Could Cricket Become Popular In China?

China’s estimated
85,000 cricket fans play on football (soccer) pitches or basketball courts and use
plastic poles for stumps. The national side has made headlines around the globe
for its abysmal performances, including the women’s side being bowled out for a
humiliating 14 runs against the UAE last year.

There is
only one grass pitch serving the entire country, almost no domestic media
coverage and most young people in China are deterred from playing non-Olympic sports,
or are encouraged to focus primarily on their studies.

But despite
all the drawbacks, there is hope for cricket in China.

Growing the game
in the world’s second biggest economy has long been a priority for the ICC, and
it is perhaps surprising that cricket has struggled so much to take off in China
given its borders with the cricket-obsessed Subcontinent.

Many of
cricket’s headline sponsors around the globe, such as Oppo, Paytm, Alibaba and Vivo
are Chinese companies, showing China’s interest in the financial possibilities that
the world’s second most popular sport presents.

Cricket was
first played in China in 1858, with a group of British Navy officers taking on
a Shanghai side.  But whilst cricket flourished in nearby Hong Kong, China turned
its back on the colonial game.

For years
afterwards, cricket had very little presence in the world’s most populous country.  It wasn’t until the early 2000s when it was announced that cricket would be on the agenda
at the 2010 Asia Games, which China was set to host, that they began to
introduce the sport to universities in a bid to create a competitive team for the

The country’s first grass pitch was built in the host city,
Guangzhou, and whilst the men’s side struggled at the competition, the women’s
team defied all expectations, finishing fourth and providing hope for
cricket to bud in China.

Progress was
halted after cricket was taken off the agenda for the 2018 Asia games, but the
sport is set to return for the 2022 edition, which will take place in the
Chinese city of Hangzhou. 

Preparations are already underway – another grass pitch
is under construction and officials from the International Cricket Council
(ICC) are working with the Chinese government to get the game more
embedded in the country over the next two years leading up to the games.

The success
of cricket at the games largely depends on the amount of publicity it receives from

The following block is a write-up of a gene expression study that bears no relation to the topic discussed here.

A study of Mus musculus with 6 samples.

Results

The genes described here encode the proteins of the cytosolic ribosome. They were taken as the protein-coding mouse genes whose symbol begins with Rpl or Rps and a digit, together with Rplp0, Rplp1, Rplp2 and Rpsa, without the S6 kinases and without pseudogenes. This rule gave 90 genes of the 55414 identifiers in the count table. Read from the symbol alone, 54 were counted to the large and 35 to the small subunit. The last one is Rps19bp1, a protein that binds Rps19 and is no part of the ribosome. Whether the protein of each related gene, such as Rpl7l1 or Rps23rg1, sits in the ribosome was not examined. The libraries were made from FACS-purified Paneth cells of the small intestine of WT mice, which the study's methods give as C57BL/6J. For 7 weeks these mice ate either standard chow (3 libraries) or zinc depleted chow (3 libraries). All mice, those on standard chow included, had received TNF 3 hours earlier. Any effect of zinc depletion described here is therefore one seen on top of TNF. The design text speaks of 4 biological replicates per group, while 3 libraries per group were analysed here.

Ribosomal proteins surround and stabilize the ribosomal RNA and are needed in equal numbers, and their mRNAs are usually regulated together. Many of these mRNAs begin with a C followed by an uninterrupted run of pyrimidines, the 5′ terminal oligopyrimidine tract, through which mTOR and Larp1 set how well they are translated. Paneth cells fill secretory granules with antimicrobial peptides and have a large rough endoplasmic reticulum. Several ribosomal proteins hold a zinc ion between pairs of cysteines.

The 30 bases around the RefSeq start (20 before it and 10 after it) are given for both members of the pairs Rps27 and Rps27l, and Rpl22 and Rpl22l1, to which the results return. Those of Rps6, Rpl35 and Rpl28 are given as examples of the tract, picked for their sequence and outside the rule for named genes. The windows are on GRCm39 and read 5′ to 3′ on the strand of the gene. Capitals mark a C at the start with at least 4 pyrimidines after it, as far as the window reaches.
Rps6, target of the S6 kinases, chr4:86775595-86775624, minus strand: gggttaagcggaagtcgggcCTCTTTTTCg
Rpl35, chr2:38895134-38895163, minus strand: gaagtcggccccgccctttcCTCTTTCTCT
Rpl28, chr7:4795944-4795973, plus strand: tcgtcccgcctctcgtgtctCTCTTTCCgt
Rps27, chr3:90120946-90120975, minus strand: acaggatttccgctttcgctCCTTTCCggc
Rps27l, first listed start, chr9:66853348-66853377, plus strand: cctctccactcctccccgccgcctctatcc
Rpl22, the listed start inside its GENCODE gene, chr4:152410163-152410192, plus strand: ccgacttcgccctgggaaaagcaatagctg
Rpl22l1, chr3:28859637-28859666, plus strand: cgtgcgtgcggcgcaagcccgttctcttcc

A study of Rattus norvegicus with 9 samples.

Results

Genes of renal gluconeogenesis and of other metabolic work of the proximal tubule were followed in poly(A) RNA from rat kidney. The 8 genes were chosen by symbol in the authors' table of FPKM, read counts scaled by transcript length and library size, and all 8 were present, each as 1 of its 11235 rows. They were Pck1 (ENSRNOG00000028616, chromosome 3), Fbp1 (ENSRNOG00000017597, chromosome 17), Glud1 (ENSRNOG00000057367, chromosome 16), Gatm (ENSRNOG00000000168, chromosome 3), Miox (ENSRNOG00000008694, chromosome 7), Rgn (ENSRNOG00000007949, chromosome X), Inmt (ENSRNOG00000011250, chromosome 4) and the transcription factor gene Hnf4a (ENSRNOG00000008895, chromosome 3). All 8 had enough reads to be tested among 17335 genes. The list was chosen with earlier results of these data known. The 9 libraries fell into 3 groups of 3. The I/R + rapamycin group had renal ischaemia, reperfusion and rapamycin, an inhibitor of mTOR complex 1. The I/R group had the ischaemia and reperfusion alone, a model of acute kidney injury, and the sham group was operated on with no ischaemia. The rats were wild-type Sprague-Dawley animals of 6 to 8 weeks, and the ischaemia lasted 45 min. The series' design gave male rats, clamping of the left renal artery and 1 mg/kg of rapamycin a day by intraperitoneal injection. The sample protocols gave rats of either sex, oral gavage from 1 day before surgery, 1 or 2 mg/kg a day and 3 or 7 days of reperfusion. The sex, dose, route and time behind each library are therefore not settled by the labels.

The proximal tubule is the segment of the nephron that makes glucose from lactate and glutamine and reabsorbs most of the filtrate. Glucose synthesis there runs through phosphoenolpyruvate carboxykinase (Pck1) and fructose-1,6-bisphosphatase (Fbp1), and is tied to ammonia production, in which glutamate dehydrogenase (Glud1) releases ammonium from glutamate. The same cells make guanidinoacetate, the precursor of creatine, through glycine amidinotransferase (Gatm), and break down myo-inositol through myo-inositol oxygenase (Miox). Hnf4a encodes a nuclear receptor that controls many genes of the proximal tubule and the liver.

the Chinese media.  The other key factor is whether neighbours India choose to participate. A
cricket match between the two global superpowers of India and China could potentially be
massively profitable and the presence of a cricketing heavyweight such as India
at the tournament could be a big boost. 

Many attribute
cricket’s rapid growth in Afghanistan and Nepal to the passion
for the sport in nearby India, and there is hope that there could be a similar knock-on
effect in China if India were to take part.

Nepalese cricket fans cheer on their side. Cricket has rapidly grown to become the most popular sport in the country.

And whilst cricket’s
inclusion at the 2022 Asian Games will most certainly be beneficial for the
game in China, if cricket is to truly take off in the country then it is
imperative that cricket becomes an
Olympic sport.

Despite the vast
amount of money that the Chinese government splurges on sport, extremely little
is allocated to sports that aren’t present at the Olympics, such as cricket.  Chinese people are also heavily encouraged to only play sports that feature at the games – but t
he alluring prospect of Olympic glory in one of the world’s major sports might just persuade the Chinese government to start taking cricket seriously.

cricket at the Olympics could fast-track the game’s growth in what is a hugely
lucrative market.  Chinese sports officials have suggested
that cricket could receive funding of up to $USD20 million a year from the government
if it was to be included at the world’s biggest sporting event.  Currently, cricket
in China is almost totally reliant on funding from the ICC and the Asian Cricket

Another key
setback for Chinese cricket has been the lack of engagement in schools – but if
cricket was made an Olympic sport then it is highly likely there would be a
renewed push for it to be played at grassroots level from a young age.

Millions upon
millions in China watch the Olympics, making the games the perfect way for
cricket to gain significant and much-needed exposure.

In the past
cricket’s richest nations have heavily resisted proposals
for cricket’s inclusion at the Olympics, since it
could cause them to lose their financial grip on the game to the economic
superpowers of China and the USA.  Recent evidence, however, shows that every ICC
member barring India is fully in support of cricket’s Olympic dream.

The International Olympic Committee has also expressed interest in having cricket
at the competition as a way of boosting viewing figures in the Indian
subcontinent, a region that Olympic fever hasn’t quite managed to seize. Cricket
USA chairman, Ian Higgins, is also pushing hard for cricket’s inclusion at the
2028 Olympics.

There is
real optimism that cricket could be given the green light for LA 2028.  If
it was, then the possibilities for Chinese cricket, given the wealth and
population of the country, could be limitless.

Although growing
cricket to become a mainstream sport in China is a monumental task, steps are already being taken, such as including cricket in the Asia Games, introducing
more universities to the sport and setting up coaching and umpiring courses, show
there is genuine potential for growth.

emergence over the next thirty years on the cricketing stage will be a
fascinating one to watch, with potentially huge influence over cricket as we
know it.


Thanks for reading, stay tuned for more and please share with any fellow cricket lovers.